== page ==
If you have a loved one with a drug or alcohol problem, you know the feelings of fear, frustration, and anger that surface when your loved one is in denial or simply refuses to get help for an addiction. A drug intervention in Lubbock can help you convince your beloved to seek help.
Addiction is a chronic and relapsing disease marked by changes in brain function that affect thought and behavior patterns. Addiction is characterized by the inability to stop using drugs or alcohol even though they're causing major problems in your life, from relationship and health problems to legal and financial troubles.
The National Institute on Drug Abuse stresses that willpower and good intentions are rarely enough to end an addiction. Professional treatment programs in Lubbock are almost always needed to successfully send the addiction into remission for the long-term.
A drug intervention in Lubbock involves a united front of friends and family members confronting a loved one about the addiction and offering the opportunity to get help. When done right, an intervention can convince your loved one to seek treatment.
While there are a number of different models for a drug intervention, the fundamental aspects are generally very similar. The intervention is a multi-step process, and it requires careful planning to help ensure success.
Step One: Education
You cannot help your loved one through an addiction if you don't understand how addiction develops, how it changes the brain and affects thought and behavior patterns, and understand how addiction is treated. Before an intervention is held, you will need to arm yourself with information about addiction and treatment.
Step Two: Forming the Intervention Team
The intervention team is the group of people who will be meeting with the addicted loved one. Usually comprised of around six people, the intervention team is an extremely important consideration. You want to include people whom your loved one knows, trusts, loves and respects. These may include family members, friends, close co-workers, and community leaders like teachers or clergy members. It's crucial to success to avoid including anyone your loved one doesn't like or who may sabotage the intervention by getting angry or confrontational.
Step Three: Deciding on What to Say
Each person on the intervention team will speak directly to the loved one and explain how the addiction has personally affected them. It's important to frame your words in a positive, loving way rather than make accusations or judgments, and it's best to end with an expression of love, concern, and hopefulness for the future.
Step Four: Choosing Consequences
At the end of the intervention, your loved one will have to make a decision about entering treatment right then and there or continuing on a destructive path. To help steer them to a positive outcome, each member of the intervention team will choose consequences to follow through with if the loved one refuses treatment. The consequences should be relevant, and you must be prepared to follow through with them. Consequences may include no longer giving your loved one money, asking him to move out of the house, or no longer bailing her out of trouble.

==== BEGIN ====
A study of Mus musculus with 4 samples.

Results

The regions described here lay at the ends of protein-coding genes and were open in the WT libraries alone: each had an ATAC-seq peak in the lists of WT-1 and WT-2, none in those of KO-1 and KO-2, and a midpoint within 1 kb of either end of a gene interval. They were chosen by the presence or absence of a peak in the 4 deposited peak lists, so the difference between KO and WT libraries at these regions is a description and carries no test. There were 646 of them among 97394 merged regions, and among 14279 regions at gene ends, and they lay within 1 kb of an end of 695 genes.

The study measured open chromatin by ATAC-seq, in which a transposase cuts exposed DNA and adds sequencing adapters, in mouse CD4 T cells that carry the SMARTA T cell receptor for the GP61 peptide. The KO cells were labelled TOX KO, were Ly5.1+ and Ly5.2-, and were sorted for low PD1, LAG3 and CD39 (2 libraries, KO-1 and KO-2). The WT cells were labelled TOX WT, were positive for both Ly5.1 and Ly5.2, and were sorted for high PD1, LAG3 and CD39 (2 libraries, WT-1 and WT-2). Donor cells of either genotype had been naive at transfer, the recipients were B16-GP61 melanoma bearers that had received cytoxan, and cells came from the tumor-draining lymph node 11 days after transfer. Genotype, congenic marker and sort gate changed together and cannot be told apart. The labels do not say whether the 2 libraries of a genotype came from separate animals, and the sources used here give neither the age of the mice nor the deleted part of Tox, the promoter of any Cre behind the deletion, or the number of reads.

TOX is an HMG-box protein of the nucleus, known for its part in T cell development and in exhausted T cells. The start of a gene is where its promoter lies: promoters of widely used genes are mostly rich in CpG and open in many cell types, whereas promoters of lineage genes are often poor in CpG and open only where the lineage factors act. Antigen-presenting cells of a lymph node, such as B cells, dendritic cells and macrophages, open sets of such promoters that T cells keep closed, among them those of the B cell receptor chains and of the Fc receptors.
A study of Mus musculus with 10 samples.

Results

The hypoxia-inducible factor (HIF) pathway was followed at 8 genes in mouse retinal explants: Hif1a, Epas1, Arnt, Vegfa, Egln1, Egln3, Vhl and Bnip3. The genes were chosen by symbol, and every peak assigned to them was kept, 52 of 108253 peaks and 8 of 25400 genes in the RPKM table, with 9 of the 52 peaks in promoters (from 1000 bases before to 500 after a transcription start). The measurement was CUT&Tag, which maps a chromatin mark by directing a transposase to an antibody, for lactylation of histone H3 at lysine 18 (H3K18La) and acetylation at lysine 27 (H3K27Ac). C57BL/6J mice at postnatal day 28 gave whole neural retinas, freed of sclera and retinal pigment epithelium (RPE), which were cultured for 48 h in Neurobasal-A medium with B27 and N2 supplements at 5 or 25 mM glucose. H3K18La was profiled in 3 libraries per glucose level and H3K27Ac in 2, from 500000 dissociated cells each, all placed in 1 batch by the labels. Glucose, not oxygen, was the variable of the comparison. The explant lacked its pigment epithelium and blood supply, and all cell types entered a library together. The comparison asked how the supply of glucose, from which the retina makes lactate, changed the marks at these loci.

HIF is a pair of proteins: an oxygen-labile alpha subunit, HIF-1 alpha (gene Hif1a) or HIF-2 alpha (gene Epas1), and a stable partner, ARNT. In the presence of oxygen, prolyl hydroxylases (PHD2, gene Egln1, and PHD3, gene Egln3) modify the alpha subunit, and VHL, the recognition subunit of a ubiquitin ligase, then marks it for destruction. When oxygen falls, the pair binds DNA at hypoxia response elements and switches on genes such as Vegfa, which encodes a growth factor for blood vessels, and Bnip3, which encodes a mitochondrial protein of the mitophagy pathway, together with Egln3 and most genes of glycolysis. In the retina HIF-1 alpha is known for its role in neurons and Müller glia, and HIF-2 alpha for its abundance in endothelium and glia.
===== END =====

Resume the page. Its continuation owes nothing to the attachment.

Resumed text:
Step Five: Planning for Treatment
Before the intervention meeting, you'll research potential treatment programs and start the admissions process so that when your loved one agrees to treatment, the leg work has been done and the facility is ready him or her to check in.
Step Six: Holding the Drug Intervention
Typically, the intervention meeting is arranged in secret, and your loved one is called to the meeting on a pretense, with no knowledge of what's about to occur. The chosen leader of the intervention team--either a professional interventionist or a close family member--will explain that everyone in the room is very concerned for the health, safety, and well-being of the loved one.
Each member of the team speaks directly to the addicted family member, pointing out specific examples of the problems they've witnessed and the ways in which the addiction has affected them. Once all team members have spoken, the leader will offer the loved one the opportunity to get treatment right then and explain the consequences that will occur if the loved one chooses not to enter our inpatient rehab in Lubbock.
The most successful intervention for drug addiction is one that's facilitated by a professional interventionist who is experienced in holding interventions. In fact, the National Council on Alcoholism and Drug Dependence points out that interventions that are planned and executed with the help of a professional have a 90 percent success rate in getting the addicted loved one to agree to treatment.
The professional interventionist will help with every aspect of the meeting, from providing education and helping assemble the team to helping team members plan what they'll say, holding a practice session with helpful tips, and guiding the meeting to keep it productive, positive, and on track.
If your loved one agrees to treatment, the hard work is just beginning. Individuals who enter treatment with a high level of family support are more likely to enjoy long-term recovery. Engaging in treatment as much as possible through family therapy, individual therapy for family members, and family support groups will offer the best chances for success.
If your loved one refuses treatment, following through with the consequences you laid out and joining a support group will improve the chances that your loved one will come around sooner than later and agree to get help.
Either way, holding a drug intervention in Lubbock makes it clear to your loved one that you care and want him or her to be happy, healthy, and free of addiction. Call us now at (877) 804-1531.